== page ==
While it is expected that India will be completely different in regards to sights, sounds, and smells, it’s often the things which are taken for granted which cause the most frustration and misunderstanding. Katey outlines the things which cause her the most consternation here.
The concept of time is not the same in India. It ranges from when things open (the sign may say 10, but people arriving to open the shop or at an appointment at noon is not uncommon), to estimations of how long things take (tomorrow is always the answer…and it never comes!), to universal understandings of the concept itself. The trick is to just treat time like traffic; you’ll eventually get there, probably in one piece, and stressing about it gets you weird looks and ulcers.
This is not a concept which is fully understood in India. Much like Health & Safety regulations, the idea seems vague, impractical, and not truly Indian in practice. People have lived for centuries in extended family homes, regardless of the size, in villages where everyone knows everyone else or in cities where the crowding is so overwhelming that being alone starts to feel unnatural. Everything takes place in public, including personal hygiene. Queues are understood in concept, but much like driving, if you can squeeze in, you can stay there. So people rush and crowd and stand skin to skin so as not o lose their place. Including when disembarking on a plane. People rush to pull their luggage out and stand in the aisle while the plane is taxiing to the gate.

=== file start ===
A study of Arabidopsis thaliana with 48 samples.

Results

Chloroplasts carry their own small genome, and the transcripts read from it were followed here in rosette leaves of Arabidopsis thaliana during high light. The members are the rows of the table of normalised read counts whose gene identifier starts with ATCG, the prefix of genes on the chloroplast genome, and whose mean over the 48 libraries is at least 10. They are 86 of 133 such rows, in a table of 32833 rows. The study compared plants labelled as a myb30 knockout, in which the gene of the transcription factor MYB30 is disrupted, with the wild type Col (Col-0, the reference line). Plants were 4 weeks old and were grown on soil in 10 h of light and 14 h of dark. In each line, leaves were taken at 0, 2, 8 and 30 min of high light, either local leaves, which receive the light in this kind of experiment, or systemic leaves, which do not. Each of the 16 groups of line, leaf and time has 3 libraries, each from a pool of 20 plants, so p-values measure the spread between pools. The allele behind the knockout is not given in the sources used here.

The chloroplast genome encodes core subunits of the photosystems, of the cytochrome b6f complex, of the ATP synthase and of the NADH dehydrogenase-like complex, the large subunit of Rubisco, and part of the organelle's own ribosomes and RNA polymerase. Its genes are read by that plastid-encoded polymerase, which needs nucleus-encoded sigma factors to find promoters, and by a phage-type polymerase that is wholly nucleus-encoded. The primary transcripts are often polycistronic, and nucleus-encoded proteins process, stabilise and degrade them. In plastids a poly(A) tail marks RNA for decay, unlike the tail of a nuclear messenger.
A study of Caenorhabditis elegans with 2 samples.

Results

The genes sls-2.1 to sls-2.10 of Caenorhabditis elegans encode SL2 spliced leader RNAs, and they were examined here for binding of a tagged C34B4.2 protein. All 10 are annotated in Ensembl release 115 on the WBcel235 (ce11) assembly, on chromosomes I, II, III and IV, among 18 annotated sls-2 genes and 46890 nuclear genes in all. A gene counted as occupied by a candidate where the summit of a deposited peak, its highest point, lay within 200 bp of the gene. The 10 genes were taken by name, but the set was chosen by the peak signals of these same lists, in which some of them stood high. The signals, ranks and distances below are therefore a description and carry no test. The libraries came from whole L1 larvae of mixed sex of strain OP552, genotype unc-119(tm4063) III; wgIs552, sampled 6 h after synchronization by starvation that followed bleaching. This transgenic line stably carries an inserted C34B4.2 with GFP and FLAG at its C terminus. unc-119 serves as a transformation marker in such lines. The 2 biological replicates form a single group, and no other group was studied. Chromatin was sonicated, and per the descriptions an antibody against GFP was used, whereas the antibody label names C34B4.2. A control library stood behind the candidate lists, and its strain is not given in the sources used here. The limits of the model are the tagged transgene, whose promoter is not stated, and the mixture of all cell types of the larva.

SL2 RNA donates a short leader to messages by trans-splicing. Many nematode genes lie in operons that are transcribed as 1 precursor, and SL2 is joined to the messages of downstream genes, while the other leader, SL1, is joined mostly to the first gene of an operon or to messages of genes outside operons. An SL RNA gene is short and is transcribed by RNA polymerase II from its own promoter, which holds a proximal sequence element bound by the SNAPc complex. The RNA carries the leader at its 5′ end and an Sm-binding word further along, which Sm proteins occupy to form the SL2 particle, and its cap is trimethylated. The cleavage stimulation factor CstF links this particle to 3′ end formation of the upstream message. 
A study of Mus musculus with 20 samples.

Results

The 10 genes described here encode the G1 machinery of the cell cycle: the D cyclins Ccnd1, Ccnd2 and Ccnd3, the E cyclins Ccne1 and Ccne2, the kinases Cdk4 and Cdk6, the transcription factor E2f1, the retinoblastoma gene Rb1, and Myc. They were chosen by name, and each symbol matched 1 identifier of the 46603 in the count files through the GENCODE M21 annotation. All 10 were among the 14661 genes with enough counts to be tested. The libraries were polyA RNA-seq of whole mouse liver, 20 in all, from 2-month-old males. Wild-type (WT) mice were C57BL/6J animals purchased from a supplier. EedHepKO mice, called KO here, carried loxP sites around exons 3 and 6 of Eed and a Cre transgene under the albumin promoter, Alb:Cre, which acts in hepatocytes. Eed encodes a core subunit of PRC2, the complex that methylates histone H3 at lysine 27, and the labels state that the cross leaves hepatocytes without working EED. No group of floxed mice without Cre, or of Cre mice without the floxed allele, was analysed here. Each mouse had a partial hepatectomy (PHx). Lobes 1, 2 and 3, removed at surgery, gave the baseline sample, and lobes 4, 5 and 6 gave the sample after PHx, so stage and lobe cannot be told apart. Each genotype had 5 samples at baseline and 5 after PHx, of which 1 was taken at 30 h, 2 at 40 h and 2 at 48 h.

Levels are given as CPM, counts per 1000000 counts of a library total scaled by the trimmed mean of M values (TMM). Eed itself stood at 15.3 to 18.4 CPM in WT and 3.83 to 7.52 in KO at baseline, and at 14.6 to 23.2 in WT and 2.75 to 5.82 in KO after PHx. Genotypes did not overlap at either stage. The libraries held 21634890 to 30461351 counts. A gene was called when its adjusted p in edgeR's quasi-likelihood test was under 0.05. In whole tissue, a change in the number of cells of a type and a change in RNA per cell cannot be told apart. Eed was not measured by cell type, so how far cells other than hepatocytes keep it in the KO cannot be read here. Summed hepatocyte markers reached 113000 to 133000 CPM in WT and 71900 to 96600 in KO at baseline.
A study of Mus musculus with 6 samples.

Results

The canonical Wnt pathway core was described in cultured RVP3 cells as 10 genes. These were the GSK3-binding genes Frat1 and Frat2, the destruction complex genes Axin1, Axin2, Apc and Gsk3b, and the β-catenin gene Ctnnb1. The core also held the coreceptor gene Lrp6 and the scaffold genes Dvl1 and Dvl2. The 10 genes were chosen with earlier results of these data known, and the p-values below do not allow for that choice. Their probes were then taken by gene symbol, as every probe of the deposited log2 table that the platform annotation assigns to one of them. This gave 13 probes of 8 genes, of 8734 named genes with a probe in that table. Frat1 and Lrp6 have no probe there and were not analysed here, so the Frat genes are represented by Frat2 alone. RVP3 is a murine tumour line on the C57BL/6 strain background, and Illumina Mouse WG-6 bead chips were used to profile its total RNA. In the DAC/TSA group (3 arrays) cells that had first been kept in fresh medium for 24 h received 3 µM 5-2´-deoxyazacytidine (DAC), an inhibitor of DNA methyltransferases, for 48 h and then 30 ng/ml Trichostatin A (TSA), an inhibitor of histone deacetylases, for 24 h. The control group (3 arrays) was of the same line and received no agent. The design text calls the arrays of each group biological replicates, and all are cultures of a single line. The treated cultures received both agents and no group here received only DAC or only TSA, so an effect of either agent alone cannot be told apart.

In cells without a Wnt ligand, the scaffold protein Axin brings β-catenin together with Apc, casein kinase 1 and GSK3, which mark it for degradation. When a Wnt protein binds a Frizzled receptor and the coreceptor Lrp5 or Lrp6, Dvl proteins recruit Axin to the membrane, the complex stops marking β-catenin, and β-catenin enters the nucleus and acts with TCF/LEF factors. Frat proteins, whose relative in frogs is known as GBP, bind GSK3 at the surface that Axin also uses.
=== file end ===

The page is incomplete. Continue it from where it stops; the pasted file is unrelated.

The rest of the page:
It is completely normal and understandable that things will be lost in translation, and that communication can be difficult if the dominant language is not native to the traveler. However, it is not always the language translation that is the problem; it is the concept translation. India is country of tradition. Things are done the way they are done because that is how they have always been done. Trying to change things, even a little, like by requesting a dish without an ingredient, or asking if a product could be made in a different color, is met with consternation, confusion, and then a reluctant agreement to look into the request. Sometimes it comes with a no, which is fine as it saves effort, but other times the answer is yes, then things aren’t changed. Because why should they? Just tell the foreigner what they want to hear and they will be fine later.
Despite the challenges of navigating a culture that is very different from the one in which you normally live, the rewards outweigh them almost every time. Just as Katey sometimes has to remember, have patience with the situation, and with yourself. And sometimes you just need to step back and have a quiet afternoon to recharge before jumping back into the experience!